Controversy continues to swirl regarding the role of Fannie and Freddie in the subprime crisis. My thesis has been that most of those blaming Fannie and Freddie for the crisis (as a major causative element) do so for political reasons (or worse). A sub-thesis has always been that the conservative effort to blame Fannie and Freddie ultimately indicts the Bush Administration.
Let me explain. The argument that Fannie and Freddie acted as bit players is based upon the fact that neither originated nor securitized subprime loans. Further, their investment in subprime, while reckless and foolhardy, simply was not large enough to drive the crisis. Yes, both GSEs were politically co-opted, and yes both parties used them for partisan advantage. But all the data suggest their subprime investments were too modest to lay the cause at the door of the GSEs.
The panel to the left shows the Freddie and Fannie portfolio of private MBS over time. As you can see both Fannie and Freddie cut their subprime exposure by 2007. Even in 2006, however, their portfolio consisted of about half Alt-A or prime, not subprime. This picture is consistent with the data of Professor Alan White as well as a number of media reports. Basically, there is wide agreement that Fannie and Freddie invested in subprime to a significant degree, but they were cutting their investments by 2007, and much of their investment was higher graded product than subprime.
Any objective view of the source of problems shows that the real estate meltdown started in 2006 and 2007 in the subprime market. The panel to the left shows the very high delinquency rates associated with the 2007 and 2006 cohort of subprime mortgages. Those mortgages defaulted at a rate of 40% within months of origination. So there is a timing disconnect. Fannie and Freddie were cutting subprime investment just as it was getting rotten. Moreover they invested in Alt-A to a very significant extent. The numbers of subprime investments are just too small to lay much blame at the feet of the GSEs, and the timing is also out of kilter.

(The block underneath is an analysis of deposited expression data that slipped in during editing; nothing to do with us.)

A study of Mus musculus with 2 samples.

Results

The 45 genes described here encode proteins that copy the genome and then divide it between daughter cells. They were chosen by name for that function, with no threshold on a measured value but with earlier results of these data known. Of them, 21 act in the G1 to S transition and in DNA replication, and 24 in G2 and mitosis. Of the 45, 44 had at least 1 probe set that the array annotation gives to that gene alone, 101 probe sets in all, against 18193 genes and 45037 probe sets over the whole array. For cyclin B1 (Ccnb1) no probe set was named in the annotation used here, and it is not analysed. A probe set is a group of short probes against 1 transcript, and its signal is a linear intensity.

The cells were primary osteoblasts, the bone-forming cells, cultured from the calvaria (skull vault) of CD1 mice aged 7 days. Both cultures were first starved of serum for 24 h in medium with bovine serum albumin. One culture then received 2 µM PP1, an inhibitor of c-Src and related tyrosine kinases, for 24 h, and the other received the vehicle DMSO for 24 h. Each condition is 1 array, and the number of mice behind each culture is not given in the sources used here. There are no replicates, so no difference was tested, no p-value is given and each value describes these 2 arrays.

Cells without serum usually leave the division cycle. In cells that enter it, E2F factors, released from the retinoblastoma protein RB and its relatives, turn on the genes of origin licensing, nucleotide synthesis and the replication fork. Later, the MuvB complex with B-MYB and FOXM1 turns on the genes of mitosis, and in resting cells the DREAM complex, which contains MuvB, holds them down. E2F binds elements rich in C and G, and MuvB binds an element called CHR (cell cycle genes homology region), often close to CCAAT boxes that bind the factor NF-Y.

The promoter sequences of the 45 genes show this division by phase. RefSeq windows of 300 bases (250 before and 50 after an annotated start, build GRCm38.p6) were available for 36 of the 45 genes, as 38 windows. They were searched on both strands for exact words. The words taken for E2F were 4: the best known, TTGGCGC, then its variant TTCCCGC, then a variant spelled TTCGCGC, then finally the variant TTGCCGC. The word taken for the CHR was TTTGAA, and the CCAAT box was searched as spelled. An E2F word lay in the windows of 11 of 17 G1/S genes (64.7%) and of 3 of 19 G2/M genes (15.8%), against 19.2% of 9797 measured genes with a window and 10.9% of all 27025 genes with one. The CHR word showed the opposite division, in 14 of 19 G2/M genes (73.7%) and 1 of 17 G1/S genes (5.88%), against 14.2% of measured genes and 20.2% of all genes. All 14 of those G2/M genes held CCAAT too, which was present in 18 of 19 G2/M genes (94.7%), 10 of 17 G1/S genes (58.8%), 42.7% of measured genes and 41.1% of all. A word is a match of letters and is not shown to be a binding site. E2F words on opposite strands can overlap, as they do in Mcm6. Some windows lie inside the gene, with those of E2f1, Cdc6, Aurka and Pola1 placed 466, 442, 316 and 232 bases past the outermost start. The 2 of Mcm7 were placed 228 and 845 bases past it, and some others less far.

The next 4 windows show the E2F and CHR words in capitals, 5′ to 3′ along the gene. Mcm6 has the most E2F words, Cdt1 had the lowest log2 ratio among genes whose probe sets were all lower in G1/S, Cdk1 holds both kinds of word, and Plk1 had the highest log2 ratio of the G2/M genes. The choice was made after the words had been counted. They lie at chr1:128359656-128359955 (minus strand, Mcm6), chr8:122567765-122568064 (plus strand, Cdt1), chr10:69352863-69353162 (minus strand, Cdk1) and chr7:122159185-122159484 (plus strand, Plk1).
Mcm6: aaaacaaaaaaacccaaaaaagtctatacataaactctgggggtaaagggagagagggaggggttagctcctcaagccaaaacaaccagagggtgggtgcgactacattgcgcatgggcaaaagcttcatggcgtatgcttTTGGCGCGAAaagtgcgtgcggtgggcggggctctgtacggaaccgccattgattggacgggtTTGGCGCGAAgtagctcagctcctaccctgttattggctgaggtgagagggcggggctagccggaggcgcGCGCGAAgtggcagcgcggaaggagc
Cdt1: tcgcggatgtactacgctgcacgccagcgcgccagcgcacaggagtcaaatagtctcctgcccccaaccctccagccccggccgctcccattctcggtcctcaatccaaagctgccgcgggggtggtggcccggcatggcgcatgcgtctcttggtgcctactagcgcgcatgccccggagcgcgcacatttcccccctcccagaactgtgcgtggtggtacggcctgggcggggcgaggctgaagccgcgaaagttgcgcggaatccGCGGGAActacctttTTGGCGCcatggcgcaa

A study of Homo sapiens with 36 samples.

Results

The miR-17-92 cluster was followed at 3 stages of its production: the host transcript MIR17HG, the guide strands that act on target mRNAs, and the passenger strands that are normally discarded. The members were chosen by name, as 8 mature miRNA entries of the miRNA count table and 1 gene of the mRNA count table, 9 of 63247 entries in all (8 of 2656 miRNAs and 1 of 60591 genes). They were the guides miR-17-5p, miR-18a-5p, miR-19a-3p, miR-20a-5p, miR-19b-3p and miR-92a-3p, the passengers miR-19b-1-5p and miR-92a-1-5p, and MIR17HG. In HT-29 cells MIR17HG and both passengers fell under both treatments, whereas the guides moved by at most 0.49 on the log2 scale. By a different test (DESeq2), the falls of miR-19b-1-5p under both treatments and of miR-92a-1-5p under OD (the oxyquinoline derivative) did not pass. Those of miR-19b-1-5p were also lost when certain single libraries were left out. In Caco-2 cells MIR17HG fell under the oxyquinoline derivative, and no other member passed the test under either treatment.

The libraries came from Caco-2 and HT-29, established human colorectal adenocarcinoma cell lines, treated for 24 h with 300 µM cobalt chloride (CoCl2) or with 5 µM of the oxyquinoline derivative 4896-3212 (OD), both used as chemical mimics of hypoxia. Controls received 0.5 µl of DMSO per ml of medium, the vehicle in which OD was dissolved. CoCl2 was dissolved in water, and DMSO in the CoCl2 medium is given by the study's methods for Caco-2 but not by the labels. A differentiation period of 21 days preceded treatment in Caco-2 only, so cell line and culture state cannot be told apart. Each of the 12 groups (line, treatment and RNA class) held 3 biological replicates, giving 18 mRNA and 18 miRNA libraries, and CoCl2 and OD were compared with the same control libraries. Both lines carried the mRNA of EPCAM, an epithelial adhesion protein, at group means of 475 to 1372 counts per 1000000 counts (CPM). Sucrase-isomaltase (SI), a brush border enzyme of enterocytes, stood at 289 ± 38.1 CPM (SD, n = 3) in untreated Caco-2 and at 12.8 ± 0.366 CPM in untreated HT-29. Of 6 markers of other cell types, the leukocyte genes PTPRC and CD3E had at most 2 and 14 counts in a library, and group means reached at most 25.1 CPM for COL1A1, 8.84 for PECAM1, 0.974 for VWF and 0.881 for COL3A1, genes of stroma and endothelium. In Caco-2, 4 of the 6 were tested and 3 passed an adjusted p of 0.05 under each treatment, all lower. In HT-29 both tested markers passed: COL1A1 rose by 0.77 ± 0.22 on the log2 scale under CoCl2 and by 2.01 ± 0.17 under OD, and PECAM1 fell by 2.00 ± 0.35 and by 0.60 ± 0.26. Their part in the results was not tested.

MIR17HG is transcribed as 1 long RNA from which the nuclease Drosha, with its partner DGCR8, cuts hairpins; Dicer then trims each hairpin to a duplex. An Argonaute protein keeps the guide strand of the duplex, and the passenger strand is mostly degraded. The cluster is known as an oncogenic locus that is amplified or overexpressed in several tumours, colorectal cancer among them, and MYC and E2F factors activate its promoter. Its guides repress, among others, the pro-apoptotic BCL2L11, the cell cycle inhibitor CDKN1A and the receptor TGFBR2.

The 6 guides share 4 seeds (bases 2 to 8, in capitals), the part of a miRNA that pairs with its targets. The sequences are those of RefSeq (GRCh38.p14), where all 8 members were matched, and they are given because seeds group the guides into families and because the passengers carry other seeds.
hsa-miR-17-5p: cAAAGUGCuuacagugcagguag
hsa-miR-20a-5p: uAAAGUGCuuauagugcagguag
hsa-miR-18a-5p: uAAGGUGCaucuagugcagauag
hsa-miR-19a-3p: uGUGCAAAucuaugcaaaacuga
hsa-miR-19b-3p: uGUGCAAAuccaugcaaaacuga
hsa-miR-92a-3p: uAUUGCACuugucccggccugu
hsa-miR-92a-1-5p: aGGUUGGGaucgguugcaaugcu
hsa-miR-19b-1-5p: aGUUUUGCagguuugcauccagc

Which brings me to the Bush Administration. Continuing a policy starting in the Clinton Administration, the Bush Administration used the GSEs to further a political goal of expanding affordable housing. So, on November 1, 2004 the Bush Administration announced an expansion of efforts to get the GSEs to invest in subprime. The HUD press release trumpeting these efforts is available here. The effect of this effort was immediate. Whereas in 2001 Freddie bought $18.1 billion in subprime mortgages, the two GSEs bought $434 billion in subprime loans from 2004 to 2006. More specifically, according to the Washington Post: In 2003, the two bought $81 billion in subprime securities. In 2004, they purchased $175 billion -- 44 percent of the market. In 2005, they bought $169 billion, or 33 percent. In 2006, they cut back to $90 billion, or 20 percent." (Note how this data point dovetails with my timing point, above).
Why did the Bush Administration pursue this folly? The Federal Register gives the formal answer: the Bush Administration wanted the GSEs to be market leaders in the cause of affordable housing, expanded home ownership and expanded minority ownership. The GSEs actually objected to this effort.
Experts have castigated the effort:"That was a huge, huge mistake," said Patricia McCoy, who teaches securities law at the University of Connecticut. "That just pumped more capital into a very unregulated market that has turned out to be a disaster."
"For HUD to be indifferent as to whether these loans were hurting people or helping them is really an abject failure to regulate," said Michael Barr, a University of Michigan law professor who is advising Congress. "It was just irresponsible."
Despite its bi-partisan roots, clearly the Bush Administration put the pedal to the metal for GSE purchases of subprime mortgages.
But, for all the blame for the crisis that is out there, this cause continues to strike me as minor. Fannie and Freddie were bit players. As I mentioned in a recent comment post, however, I have no real dispute with those claiming this was a major cause, so long as that line of thinking recognizes that the Fannie and Freddie role was primarily driven by the Bush Administration in terms of numbers, with a hat tip to Andrew Cuomo and the Clinton Administration.
Finally, I am willing to wager that Wall Street lobbyists stood behind both the Clinton and Bush administration efforts for affordable housing. What CEO could resist the easy profits of packaging subprime, even predatory, loans for sale to the GSEs? Any help on this front would be appreciated.